The Divorce Colony

The Divorce Colony

by April White
Setting: South Dakota
Genres: History / Women
Published on June 14, 2022
Pages: 272
Format: Audiobook Source: Audible


From a historian and senior editor at Atlas Obscura, a fascinating account of the daring nineteenth-century women who moved to South Dakota to divorce their husbands and start living on their own terms

For a woman traveling without her husband in the late nineteenth century, there was only one reason to take the train all the way to Sioux Falls, South Dakota, one sure to garner disapproval from fellow passengers. On the American frontier, the new state offered a tempting freedom often difficult to obtain elsewhere: divorce.

With the laxest divorce laws in the country, five railroad lines, and the finest hotel for hundreds of miles, the small city became the unexpected headquarters for unhappy spouses—infamous around the world as The Divorce Colony. These society divorcees put Sioux Falls at the center of a heated national debate over the future of American marriage. As clashes mounted in the country's gossip columns, church halls, courtrooms and even the White House, the women caught in the crosshairs in Sioux Falls geared up for a fight they didn't go looking for, a fight that was the only path to their freedom.

In The Divorce Colony, writer and historian April White unveils the incredible social, political, and personal dramas that unfolded in Sioux Falls and reverberated around the country through the stories of four very different women: Maggie De Stuers, a descendent of the influential New York Astors whose divorce captivated the world; Mary Nevins Blaine, a daughter-in-law to a presidential hopeful with a vendetta against her meddling mother-in-law; Blanche Molineux, an aspiring actress escaping a husband she believed to be a murderer; and Flora Bigelow Dodge, a vivacious woman determined, against all odds, to obtain a "dignified" divorce.

Entertaining, enlightening, and utterly feminist, The Divorce Colony is a rich, deeply researched tapestry of social history and human drama that reads like a novel. Amidst salacious newspaper headlines, juicy court documents, and high-profile cameos from the era's most well-known players, this story lays bare the journey of the turn-of-the-century socialites who took their lives into their own hands and reshaped the country's attitudes about marriage and divorce.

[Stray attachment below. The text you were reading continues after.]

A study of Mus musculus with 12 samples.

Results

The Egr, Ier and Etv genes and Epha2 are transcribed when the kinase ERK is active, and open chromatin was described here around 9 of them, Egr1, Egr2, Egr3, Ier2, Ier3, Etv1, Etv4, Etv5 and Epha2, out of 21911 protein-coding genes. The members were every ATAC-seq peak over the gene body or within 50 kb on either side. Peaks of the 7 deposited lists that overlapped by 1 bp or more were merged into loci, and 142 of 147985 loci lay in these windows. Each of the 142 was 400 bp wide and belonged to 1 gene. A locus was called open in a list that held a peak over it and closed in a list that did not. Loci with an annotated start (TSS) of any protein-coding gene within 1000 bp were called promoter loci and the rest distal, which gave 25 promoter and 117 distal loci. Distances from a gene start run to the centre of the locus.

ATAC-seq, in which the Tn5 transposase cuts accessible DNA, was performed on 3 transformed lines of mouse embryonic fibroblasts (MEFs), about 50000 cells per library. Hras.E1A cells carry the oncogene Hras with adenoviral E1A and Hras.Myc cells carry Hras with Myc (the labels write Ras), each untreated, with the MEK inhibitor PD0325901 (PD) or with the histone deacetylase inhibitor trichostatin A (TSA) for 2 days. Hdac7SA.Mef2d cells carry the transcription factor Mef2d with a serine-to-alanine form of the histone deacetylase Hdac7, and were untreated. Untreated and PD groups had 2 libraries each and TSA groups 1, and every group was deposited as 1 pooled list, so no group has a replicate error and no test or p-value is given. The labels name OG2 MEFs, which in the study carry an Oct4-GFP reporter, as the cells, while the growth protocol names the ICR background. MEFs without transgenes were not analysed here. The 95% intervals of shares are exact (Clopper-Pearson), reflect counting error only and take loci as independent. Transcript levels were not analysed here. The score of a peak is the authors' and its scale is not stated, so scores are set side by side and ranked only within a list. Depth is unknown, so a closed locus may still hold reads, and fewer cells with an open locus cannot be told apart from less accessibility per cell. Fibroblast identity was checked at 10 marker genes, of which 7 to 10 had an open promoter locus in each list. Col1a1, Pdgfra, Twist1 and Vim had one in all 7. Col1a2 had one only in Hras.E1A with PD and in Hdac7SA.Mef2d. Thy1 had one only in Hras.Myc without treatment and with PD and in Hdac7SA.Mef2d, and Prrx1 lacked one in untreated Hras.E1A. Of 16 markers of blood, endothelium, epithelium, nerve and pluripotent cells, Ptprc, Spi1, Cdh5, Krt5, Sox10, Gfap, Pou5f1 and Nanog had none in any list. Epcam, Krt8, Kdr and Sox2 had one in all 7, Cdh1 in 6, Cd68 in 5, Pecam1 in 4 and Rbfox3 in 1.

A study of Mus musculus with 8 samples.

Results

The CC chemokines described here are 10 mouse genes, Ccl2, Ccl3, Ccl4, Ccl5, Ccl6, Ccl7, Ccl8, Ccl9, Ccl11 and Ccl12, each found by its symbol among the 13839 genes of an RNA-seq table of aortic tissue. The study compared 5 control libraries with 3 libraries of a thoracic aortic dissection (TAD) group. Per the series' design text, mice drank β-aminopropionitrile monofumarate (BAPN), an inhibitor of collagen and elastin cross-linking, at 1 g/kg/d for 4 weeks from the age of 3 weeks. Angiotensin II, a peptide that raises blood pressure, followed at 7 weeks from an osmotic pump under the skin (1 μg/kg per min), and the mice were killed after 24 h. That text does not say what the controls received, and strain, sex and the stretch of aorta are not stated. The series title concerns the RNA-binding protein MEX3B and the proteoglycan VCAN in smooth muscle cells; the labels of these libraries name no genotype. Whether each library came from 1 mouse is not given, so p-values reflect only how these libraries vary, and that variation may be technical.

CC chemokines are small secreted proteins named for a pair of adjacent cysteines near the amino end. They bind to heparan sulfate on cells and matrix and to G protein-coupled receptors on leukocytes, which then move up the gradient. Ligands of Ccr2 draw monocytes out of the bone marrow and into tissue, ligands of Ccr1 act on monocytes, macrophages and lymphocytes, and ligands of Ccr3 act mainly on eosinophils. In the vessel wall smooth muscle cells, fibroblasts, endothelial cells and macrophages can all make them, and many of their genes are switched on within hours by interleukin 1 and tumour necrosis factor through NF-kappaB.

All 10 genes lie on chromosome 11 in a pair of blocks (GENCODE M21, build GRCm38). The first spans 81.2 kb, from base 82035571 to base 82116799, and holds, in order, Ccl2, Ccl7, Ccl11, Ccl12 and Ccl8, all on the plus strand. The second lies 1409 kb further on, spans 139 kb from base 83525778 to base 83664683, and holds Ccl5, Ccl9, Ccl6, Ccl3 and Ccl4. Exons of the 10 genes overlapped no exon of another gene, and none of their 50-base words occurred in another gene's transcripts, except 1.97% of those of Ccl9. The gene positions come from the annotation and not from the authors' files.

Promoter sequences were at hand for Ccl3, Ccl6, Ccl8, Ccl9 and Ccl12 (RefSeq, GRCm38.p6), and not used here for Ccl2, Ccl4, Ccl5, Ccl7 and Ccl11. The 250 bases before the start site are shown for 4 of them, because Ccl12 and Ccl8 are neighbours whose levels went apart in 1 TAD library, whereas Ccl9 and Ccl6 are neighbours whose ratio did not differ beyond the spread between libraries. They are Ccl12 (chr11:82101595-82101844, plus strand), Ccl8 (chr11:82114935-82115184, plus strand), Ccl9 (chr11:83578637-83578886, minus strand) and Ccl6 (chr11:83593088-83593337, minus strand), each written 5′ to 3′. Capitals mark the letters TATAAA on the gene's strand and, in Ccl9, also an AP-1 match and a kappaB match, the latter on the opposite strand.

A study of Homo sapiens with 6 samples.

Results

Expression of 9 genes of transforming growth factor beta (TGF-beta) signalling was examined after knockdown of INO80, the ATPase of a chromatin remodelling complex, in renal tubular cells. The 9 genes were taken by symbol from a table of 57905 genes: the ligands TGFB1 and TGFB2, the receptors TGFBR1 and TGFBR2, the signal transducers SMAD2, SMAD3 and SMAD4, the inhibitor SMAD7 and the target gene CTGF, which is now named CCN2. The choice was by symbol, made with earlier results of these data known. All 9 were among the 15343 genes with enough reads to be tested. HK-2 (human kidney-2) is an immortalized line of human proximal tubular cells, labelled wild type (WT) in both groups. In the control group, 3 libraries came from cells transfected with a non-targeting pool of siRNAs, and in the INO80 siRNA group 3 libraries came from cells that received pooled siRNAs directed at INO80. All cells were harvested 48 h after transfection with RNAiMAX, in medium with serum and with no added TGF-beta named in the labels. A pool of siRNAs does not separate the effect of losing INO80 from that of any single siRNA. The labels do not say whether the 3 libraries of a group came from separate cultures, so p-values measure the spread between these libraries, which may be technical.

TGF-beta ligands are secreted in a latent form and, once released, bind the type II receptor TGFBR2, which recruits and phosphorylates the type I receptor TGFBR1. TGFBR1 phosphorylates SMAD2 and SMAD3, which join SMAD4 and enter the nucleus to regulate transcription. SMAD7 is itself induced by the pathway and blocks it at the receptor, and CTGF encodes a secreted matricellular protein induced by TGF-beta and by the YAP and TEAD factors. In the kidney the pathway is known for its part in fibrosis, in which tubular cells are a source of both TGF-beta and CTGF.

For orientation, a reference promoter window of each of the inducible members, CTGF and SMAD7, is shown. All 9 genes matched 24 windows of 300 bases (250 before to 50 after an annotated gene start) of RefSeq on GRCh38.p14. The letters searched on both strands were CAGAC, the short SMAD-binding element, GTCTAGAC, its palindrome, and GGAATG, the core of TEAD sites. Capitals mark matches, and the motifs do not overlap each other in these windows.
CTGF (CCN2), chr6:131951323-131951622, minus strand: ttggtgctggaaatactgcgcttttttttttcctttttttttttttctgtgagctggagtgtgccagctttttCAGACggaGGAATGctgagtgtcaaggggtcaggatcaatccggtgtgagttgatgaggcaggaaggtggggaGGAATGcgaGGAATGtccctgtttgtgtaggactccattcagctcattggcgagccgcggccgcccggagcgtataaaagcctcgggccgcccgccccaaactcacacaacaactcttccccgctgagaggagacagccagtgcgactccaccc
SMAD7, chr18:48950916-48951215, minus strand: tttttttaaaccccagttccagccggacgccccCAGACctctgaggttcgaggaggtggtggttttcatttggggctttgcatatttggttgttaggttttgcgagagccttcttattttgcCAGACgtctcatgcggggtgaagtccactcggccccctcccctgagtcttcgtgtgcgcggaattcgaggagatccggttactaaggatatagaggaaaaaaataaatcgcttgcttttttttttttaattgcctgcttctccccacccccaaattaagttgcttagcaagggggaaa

South Dakota didn’t have particularly lax divorce laws. What they did have was a short residency requirement before you could file for divorce. The state only required a 90 day residence.

This lead many people to travel to South Dakota and set up house in a fancy hotel for the three months required. Many of the local citizens were horrified. They shunned the “divorce colonists” socially. They required them to pretend that they weren’t there just for the divorce. This meant that they weren’t even allowed to talk to each other because socializing with people known to be looking for a divorce was seen as proof that a person was just there for a divorce.

Local people (those who weren’t making money from the visitors) tried to make the laws stricter. They were led by a preacher who was determined to outlaw divorce. Listening to this book made me constantly wonder why they cared so much. I understand they considered it to be immoral behavior but the colonists were staying to themselves and doing nothing but helping the local economy. Some busybodies should mind their own business.

This book tells the stories of a few women who went to South Dakota to get away from bad marriages to illustrate how the divorce laws worked at different periods of time.